Film, Reviews
Aug 9, 2012


Peter Navarro’s scathing documentary Death By China pulls no punches: China is destroying America. The best-selling author and filmmaker points out America’s increasingly destructive trade relationship with China is responsible for the loss of thousands of jobs all across the country.

According to Navarro, a Harvard-trained Ph.D. economist, the trouble began in 2001 when China joined the World Trade Organization with the strong support of the then president, Bill Clinton. Since 2001 China has been flooding American markets with its illegally subsidized exports while big multinational companies have been offshoring American factories and jobs to China.

As a result over 50,000 American factories have shut down since 2001 and America now owes over $3 trillion to the Chinese government. While the film does make a point stating that the problem is with the totalitarian Chinese government, not with the Chinese people themselves, that does not stop it from being entirely too black and white.

The biggest problem with Death By China is that while its message is an important one it doesn’t have that many facts to back it up. Good filmmakers and good journalist know that in order to make a claim you must show your sources, something never immediately clear when watching the film. Navarro brings on plenty of experts as testimony but the evidence never seems appropriately balanced.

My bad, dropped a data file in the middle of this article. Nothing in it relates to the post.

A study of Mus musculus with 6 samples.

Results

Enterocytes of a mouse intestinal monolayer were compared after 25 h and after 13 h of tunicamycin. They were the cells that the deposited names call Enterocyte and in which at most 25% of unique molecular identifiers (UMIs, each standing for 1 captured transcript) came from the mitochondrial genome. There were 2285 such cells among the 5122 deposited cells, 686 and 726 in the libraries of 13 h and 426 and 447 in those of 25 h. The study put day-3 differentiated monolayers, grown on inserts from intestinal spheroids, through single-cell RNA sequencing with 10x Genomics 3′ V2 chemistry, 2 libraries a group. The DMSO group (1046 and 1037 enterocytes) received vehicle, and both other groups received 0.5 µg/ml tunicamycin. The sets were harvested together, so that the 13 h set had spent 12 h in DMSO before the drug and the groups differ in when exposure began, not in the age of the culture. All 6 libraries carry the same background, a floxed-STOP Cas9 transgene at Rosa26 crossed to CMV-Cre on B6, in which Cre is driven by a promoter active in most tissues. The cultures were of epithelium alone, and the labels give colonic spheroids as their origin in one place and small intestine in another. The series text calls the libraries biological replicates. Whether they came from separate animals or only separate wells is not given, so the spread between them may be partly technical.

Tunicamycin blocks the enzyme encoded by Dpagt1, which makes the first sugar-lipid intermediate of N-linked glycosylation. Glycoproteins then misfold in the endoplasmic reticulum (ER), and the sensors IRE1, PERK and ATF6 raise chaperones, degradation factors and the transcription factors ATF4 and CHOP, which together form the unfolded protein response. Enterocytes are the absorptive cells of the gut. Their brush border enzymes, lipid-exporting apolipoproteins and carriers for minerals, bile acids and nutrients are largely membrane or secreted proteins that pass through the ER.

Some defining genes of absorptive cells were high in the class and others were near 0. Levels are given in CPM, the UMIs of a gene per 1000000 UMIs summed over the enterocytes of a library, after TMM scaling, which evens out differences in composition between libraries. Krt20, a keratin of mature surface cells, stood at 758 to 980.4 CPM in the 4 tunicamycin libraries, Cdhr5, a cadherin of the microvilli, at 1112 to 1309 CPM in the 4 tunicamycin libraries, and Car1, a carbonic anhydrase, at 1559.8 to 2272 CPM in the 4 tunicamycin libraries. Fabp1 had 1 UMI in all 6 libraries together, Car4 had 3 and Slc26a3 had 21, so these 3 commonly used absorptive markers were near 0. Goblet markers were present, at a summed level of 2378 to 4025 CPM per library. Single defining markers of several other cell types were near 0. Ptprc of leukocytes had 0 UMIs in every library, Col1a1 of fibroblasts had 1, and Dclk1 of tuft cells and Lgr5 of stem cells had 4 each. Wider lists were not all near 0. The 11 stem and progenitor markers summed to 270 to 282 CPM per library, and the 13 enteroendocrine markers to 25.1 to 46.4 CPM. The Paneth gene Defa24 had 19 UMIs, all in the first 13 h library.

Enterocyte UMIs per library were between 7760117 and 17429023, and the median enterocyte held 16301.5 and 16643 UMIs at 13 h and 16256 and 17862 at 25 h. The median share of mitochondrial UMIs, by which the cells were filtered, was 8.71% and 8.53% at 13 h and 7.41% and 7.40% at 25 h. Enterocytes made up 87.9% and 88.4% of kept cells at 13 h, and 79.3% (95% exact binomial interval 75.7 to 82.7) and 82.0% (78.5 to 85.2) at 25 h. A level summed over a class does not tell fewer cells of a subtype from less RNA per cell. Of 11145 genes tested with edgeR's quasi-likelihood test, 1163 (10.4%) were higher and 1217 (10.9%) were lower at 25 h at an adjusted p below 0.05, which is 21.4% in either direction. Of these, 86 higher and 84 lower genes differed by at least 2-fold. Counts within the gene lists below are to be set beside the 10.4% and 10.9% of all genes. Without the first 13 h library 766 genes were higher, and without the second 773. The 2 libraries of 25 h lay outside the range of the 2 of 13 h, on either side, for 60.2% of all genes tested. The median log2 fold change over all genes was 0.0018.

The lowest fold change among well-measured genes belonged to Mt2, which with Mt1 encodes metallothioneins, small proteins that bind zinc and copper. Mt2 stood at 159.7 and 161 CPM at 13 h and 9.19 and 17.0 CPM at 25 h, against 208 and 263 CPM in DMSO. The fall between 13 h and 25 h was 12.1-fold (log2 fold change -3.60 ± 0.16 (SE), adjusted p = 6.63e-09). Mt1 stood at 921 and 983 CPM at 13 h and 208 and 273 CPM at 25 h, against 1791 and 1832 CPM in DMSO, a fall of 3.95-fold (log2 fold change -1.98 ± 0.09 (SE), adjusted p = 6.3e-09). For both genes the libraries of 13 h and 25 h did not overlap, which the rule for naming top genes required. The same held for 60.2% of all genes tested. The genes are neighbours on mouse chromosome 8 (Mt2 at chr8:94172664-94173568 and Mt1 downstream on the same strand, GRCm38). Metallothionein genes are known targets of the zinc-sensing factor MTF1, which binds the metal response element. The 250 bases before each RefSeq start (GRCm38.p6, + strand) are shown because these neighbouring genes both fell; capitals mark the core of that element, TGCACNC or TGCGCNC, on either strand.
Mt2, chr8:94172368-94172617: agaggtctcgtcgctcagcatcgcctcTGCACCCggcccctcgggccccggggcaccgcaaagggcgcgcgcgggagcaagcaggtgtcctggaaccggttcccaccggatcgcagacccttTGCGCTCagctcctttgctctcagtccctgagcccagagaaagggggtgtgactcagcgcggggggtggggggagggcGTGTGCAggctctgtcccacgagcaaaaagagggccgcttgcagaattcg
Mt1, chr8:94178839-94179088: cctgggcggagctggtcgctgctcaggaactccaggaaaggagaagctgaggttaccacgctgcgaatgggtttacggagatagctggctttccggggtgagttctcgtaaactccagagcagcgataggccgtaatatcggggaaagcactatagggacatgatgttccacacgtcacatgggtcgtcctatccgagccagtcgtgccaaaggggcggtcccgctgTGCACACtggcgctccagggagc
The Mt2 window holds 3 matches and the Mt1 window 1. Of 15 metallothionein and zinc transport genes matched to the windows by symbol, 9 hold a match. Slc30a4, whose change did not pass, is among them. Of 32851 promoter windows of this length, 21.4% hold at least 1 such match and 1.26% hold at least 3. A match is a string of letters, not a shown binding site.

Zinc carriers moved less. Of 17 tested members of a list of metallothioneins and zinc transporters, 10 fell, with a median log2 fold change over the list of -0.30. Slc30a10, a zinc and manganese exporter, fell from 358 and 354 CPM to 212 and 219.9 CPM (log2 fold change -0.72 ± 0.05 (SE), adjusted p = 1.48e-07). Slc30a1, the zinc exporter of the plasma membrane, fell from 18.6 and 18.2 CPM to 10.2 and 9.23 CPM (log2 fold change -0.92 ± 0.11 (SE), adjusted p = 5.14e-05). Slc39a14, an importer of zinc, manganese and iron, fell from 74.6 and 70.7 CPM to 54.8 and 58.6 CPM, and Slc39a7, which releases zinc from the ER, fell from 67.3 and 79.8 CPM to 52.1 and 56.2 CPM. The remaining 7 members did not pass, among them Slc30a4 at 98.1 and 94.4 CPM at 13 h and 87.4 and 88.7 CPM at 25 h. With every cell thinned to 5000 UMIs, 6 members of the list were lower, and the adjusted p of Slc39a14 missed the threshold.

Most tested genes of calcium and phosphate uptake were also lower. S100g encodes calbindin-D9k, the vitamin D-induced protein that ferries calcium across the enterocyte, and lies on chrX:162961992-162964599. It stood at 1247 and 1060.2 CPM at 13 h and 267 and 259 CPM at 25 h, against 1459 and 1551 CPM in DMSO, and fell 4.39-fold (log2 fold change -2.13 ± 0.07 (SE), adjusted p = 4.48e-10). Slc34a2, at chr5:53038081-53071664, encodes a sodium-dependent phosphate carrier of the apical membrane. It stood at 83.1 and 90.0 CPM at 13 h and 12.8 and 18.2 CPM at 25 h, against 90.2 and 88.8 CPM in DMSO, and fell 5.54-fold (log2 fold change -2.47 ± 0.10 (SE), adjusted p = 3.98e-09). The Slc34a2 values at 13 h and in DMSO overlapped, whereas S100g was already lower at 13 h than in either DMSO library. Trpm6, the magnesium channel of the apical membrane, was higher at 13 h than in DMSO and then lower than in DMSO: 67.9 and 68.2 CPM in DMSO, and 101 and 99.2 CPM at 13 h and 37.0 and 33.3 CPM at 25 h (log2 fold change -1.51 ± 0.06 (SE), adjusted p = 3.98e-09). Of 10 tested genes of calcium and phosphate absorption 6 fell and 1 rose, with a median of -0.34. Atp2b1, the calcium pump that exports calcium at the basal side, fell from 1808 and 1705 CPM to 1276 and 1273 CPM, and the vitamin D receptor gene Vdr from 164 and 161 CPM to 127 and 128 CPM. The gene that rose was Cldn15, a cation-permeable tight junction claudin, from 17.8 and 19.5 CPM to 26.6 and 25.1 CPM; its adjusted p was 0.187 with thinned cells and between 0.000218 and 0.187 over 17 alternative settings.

A filmmaker should never be a prisoner of his own devices. Unfortunately, that is exactly what Navarro falls into. His film spends almost 90 minutes drilling into the audience just how bad China is; he fills the screen with graphics of a hypothetical China bombing the U.S. and invading our businesses. He continually uses phrases like “weapons of job destruction” and other word play that, though subtle, is just enough to count as propaganda.

Choosing Martin Sheen as a narrator for the film was another wise if not carefully calculated choice. Since playing President Bartlett on The West Wing almost a decade ago he has been typecast in roles such as this that play off of his authoritative persona. Navarro may not have an actual president to back him up on his claims but he has found a way to hire a ‘stand-in’ one instead.

The last twenty minutes of the film reiterate what has just been told to the audience for the past hour. For me, it felt as if there was only a page worth of actual data and someone tried to make a full length movie out of it.

Despite all that, the film does make some justifiable claims. The film itself is meant to be a call to action and that is possibly why it took such a harsh stance. Still, there are more tactful ways of making an argument.

In the end, the execution muddles the message for Death By China. What could have been a groundbreaking film on a subject that needs more attention turns into an under-achieving production. While an admirable effort, the film seems rushed and large issues are often glossed over to get to the next topic. Death By China tries to give Asian markets a striking blow but ends up barely scratching the surface.

The film opens this Friday August 17th in limited release. Watch the trailer.

If you are an LA local, go see the film at Laemmle’s Playhouse 7 in Pasadena, Director Pete Navarro will be there for a special Q & A on both Friday and Saturday. Following the Saturday 7:30pm show there will be special guests from the Chinese, Vietnamese, and Tibetan dissident communities to also participate in the Q & A.